Cryptocurrencies as a group have made massive strides with regard to user base and popularity around the globe. In the past decade, the number of cryptocurrencies actively being traded has skyrocketed, with dozens of new currencies hitting the markets and exchanges each year. Along with this growth across the field, there has been a massive increase in cryptocurrency market capitalization, as well as a tremendous increase in the number of users buying, selling, and exchanging these currencies. One way that cryptocurrencies are still hoping to grow, however, is in terms of real-world transactions. So far, most cryptocurrency business is done virtually, i.e. no tangible currency and no cards, which makes it hard to simply walk into a store and buy something with Bitcoin as easily as you would with traditional payment methods. Now, with the advent of cryptocurrency debit cards, these digital currencies could find a practical application for everyday users in the real world.

Like Regular Debit Cards?

The concept behind a cryptocurrency debit card is fairly straightforward. They are tangible, plastic cards, similar in appearance to standard credit or debit cards. That alone might prove to be incentive for many potential users who wish to be able to hold currency (or at least a means of spending a currency) in their hands. Cryptocurrency debit cards were developed for just that purpose: to use digital coins to make day-to-day purchases. One of the biggest issues with spending digital currencies is that there must necessarily be a middle step, at least for the time being. A user must convert those digital currencies into fiat money before being able to spend them in person. A cryptocurrency debit card which could be used just like a standard debit card would be one way of circumnavigating that issue.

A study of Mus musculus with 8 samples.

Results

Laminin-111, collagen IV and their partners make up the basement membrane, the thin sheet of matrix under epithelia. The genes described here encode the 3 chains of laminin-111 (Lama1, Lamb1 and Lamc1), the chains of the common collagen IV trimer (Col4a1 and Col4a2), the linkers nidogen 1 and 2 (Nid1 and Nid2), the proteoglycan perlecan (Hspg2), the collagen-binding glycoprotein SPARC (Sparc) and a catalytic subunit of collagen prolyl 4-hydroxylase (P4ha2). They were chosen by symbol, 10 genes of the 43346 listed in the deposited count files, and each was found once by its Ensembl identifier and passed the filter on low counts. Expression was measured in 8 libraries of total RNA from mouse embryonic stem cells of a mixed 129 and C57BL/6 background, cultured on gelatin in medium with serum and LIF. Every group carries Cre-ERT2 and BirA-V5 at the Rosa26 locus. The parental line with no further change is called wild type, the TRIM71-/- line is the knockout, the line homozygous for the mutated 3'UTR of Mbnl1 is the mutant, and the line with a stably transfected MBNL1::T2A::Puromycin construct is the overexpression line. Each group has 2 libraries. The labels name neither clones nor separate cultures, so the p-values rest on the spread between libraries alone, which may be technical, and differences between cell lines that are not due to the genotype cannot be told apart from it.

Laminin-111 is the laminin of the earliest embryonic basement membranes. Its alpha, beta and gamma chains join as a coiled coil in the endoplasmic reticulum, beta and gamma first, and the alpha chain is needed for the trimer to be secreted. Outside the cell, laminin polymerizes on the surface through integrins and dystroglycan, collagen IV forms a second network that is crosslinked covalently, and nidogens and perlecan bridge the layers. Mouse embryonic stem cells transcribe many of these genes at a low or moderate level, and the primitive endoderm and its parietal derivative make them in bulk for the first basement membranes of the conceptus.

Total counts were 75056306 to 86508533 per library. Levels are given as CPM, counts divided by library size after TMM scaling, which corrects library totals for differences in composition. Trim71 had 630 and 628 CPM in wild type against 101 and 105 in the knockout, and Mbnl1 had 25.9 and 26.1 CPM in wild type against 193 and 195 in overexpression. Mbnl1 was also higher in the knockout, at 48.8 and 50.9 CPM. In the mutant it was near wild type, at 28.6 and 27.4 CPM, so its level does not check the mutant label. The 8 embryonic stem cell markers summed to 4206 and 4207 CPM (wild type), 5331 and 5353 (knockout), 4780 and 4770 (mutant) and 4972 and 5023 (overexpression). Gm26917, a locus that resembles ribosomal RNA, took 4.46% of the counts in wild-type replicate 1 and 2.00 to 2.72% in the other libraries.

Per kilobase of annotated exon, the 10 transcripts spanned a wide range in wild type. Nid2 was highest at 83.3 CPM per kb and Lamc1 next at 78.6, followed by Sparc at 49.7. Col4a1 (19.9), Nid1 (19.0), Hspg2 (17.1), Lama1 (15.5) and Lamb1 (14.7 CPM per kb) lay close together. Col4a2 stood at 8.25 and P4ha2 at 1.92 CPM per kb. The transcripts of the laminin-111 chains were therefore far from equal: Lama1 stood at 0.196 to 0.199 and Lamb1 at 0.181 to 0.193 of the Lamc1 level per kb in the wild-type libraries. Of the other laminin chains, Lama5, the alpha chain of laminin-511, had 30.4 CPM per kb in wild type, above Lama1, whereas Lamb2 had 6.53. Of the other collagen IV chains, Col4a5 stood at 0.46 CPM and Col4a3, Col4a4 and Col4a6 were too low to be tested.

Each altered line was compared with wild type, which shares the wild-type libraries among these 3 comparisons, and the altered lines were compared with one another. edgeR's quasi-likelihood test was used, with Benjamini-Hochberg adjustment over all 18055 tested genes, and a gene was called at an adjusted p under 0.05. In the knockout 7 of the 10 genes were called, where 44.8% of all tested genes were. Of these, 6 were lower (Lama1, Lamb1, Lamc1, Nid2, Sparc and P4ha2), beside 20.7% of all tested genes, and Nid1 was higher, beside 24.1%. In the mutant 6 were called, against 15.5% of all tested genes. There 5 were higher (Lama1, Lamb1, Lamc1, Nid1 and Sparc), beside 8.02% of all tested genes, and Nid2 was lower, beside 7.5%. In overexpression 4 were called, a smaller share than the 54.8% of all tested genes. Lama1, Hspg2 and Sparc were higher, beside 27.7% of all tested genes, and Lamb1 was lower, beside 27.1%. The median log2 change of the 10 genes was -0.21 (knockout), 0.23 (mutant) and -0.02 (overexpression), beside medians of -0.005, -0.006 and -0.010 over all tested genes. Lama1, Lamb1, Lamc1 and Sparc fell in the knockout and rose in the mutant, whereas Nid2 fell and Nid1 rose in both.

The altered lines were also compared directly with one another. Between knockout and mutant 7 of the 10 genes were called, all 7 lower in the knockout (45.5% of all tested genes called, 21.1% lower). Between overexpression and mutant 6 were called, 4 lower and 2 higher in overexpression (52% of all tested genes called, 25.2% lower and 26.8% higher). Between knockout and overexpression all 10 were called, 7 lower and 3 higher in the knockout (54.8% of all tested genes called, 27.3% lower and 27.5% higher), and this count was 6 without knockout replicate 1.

Debit Cards Vs. Point-of-Sale Terminals

There are two primary means that cryptocurrency advocates have suggested for dealing with the issue of real-world transactions. The first is a point-of-sale terminal, a piece of hardware that could be installed at a store and which interacts with a customer's mobile wallet app. While this is easy for the consumer, it does require extra initiative and expense on the part of the store owner, making it likely difficult to scale. On the other hand, a cryptocurrency debit card which could be "recharged" with new cryptocurrency funds periodically would capitalize on an existing plastic card infrastructure already in place around the world. If these cards could be used freely where the world's leading credit and debit cards are used, there would be no additional action or expense required of the merchant.

So far, the earliest prototypes of cryptocurrency cards are generally prepaid or debit cards. They have been manufactured by a variety of separate companies, according to reporting by Coin Telegraph. As cryptocurrencies themselves continue to improve--with regard to transaction fees, processing times, and accessibility--watch for cryptocurrency debit cards to gain in popularity as well.